Polar Bears: Their Habiat Essay, Research Paper
Polar Bear, common name for a white bear found on the sea ice of the Arctic throughout the North Polar basin. The only marine bear, it is longer than other bears and streamlined for aquatic life. It has the plantigrade feet (heel and sole touching the ground) typical of bears, with five sharp, curved claws on each foot for grasping the ice and holding its prey. Long hair between the pads protects the bear’s feet from the cold and provides traction on the ice. Stiff hairs on the forelegs, and very broad front feet, help the bear swim. All polar bears are white, although their fur may yellow in the summer.
The largest wild bears ever weighed—more than 800 kg (more than 1800 lb)—have been polar bears. However, most male polar bears weigh an average of about 350 kg (about 880 lb), and most females weigh about 250 kg (550 lb). Polar bears have a strong navigational sense, an extremely good sense of smell, and they are unusually clever at solving problems in order to obtain food. They eat primarily ringed seals, and occasionally bearded seals, walruses, or white whales. They also feed on berries, sedges, mussels, and kelp.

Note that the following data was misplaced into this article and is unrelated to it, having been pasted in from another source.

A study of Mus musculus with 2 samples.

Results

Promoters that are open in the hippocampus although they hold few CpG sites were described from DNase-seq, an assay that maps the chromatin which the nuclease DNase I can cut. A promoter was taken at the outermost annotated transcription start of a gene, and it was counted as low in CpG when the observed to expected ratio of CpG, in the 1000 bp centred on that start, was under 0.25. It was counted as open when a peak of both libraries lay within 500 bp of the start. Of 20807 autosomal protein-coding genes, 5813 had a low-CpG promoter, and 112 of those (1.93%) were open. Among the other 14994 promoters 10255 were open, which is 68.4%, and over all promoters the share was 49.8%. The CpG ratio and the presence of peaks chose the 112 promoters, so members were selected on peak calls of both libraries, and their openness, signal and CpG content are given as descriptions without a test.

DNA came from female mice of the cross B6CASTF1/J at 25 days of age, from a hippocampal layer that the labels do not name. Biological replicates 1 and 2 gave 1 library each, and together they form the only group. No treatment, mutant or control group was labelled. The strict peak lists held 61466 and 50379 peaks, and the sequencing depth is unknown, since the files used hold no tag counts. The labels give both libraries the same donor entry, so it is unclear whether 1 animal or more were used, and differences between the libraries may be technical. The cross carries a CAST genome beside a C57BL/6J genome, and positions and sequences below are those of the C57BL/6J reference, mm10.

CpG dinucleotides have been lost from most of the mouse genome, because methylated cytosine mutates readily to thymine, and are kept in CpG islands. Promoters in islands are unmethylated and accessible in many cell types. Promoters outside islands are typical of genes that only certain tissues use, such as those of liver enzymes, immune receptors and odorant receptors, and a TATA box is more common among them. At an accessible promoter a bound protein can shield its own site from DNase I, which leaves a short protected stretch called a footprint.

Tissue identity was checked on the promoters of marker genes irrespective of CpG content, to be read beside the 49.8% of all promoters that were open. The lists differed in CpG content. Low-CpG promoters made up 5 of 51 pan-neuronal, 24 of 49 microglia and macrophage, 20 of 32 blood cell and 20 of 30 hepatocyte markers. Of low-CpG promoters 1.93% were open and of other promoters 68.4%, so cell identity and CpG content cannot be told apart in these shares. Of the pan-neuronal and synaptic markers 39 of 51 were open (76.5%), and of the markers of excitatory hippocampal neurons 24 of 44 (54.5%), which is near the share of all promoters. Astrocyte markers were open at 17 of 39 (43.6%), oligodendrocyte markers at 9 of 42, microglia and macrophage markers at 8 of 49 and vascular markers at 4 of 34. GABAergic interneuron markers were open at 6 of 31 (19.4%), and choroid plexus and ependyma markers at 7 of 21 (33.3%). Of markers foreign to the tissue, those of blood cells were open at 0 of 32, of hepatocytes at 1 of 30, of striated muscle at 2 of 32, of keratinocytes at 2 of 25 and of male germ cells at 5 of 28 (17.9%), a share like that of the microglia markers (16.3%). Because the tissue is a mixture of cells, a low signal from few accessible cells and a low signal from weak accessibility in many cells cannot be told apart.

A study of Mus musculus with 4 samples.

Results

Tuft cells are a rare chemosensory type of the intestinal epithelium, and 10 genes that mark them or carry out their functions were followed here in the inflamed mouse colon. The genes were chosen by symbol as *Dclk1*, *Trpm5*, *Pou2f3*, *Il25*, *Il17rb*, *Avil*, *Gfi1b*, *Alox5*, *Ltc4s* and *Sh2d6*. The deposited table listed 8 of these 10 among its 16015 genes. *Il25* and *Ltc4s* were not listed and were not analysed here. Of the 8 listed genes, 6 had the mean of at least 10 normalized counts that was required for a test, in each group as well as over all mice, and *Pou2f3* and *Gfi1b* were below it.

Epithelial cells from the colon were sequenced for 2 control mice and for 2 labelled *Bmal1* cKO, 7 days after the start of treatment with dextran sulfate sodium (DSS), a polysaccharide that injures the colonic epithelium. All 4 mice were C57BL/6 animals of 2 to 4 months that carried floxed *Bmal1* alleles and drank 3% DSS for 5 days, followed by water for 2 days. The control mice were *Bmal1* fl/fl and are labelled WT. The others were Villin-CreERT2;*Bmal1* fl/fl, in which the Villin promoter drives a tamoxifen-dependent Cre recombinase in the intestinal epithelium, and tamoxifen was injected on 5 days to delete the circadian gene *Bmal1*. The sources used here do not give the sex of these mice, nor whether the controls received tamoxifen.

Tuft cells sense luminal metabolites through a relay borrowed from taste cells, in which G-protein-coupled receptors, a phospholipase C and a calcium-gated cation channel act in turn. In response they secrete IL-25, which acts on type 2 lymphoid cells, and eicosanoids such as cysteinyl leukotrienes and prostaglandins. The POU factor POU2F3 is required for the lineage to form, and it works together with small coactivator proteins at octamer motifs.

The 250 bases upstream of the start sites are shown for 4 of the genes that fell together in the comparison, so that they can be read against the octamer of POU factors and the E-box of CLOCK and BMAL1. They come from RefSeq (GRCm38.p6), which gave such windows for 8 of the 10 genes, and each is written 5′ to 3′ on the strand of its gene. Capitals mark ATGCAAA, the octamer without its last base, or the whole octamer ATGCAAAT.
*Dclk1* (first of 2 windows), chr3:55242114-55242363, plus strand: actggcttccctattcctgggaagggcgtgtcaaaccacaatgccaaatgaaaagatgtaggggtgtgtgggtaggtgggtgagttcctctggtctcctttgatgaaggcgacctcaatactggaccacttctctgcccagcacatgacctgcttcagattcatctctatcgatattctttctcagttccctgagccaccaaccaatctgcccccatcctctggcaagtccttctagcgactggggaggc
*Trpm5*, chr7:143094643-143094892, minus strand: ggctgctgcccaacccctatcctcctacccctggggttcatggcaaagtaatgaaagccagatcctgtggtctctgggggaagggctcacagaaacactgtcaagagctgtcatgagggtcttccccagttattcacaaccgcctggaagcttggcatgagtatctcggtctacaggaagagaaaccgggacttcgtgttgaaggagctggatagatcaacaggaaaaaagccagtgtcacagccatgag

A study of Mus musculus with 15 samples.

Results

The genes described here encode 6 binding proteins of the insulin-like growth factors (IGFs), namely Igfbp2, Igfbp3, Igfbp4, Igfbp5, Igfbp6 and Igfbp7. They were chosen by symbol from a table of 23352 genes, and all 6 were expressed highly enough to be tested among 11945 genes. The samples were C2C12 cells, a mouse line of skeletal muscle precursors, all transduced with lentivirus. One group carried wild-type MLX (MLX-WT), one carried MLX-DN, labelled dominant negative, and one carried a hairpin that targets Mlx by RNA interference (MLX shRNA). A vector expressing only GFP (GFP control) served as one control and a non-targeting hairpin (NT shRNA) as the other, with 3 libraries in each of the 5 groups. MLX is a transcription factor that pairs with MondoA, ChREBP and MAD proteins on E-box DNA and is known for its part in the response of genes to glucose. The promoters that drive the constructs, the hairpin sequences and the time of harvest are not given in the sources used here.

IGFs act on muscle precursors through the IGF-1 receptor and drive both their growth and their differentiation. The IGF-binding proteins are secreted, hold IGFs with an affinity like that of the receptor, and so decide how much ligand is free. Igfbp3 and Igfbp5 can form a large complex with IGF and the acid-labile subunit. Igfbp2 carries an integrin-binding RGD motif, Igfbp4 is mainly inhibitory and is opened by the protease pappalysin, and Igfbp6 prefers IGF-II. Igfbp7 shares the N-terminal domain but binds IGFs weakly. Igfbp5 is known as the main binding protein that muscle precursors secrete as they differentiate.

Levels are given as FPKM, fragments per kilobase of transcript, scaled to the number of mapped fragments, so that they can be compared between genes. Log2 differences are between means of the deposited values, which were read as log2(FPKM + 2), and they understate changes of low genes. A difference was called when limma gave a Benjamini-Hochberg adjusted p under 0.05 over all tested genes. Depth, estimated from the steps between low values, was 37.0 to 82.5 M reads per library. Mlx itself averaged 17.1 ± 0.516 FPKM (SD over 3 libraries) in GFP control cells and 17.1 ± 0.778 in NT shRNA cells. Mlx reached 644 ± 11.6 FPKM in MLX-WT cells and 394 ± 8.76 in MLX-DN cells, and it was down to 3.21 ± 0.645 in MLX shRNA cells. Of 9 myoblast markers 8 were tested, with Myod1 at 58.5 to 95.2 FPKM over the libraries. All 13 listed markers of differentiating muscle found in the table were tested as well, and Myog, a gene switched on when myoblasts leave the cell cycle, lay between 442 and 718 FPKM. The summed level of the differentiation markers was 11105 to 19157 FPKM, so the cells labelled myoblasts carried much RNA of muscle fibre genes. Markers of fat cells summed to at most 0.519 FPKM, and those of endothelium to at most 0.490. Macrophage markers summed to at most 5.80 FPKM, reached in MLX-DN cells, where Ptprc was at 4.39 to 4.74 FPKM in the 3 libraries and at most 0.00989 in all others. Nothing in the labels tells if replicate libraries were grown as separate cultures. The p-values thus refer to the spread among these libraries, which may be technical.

As with other true bears, polar-bear mothers and young form strong bonds. The young are very small when born: about 1 kg (about 2 lb). Their eyes remain closed for about 40 days and they must nurse every few hours. The mother holds them close to keep them warm. Except during the breeding season, male polar bears are solitary and roam over vast expanses of sea ice while hunting. During the breeding season (May to June), the males fight furiously over females. Both the male and female may mate with other individuals as well.
Polar bears have little interest in other Arctic species, and they often ignore people entirely. Polar bears are hunted extensively in Canada and Greenland, and less so in Russia and Alaska. They are protected in Svalbard, Norway. Polar-bear populations are relatively secure because few people share their habitat, but shipping and offshore drilling for oil threaten their status.
The polar bear, the largest of the terrestrial carnivores, is found along the northernmost coasts of the northern hemisphere as well as on sea ice floes and islands. Strong swimmers, polar bears paddle with their front legs and steer with the rear and have been known to swim as far as 80 km (50 mi). On land polar bears easily cover distances of up to 80 km (50 mi) a day and 1100 km (690 mi) a year.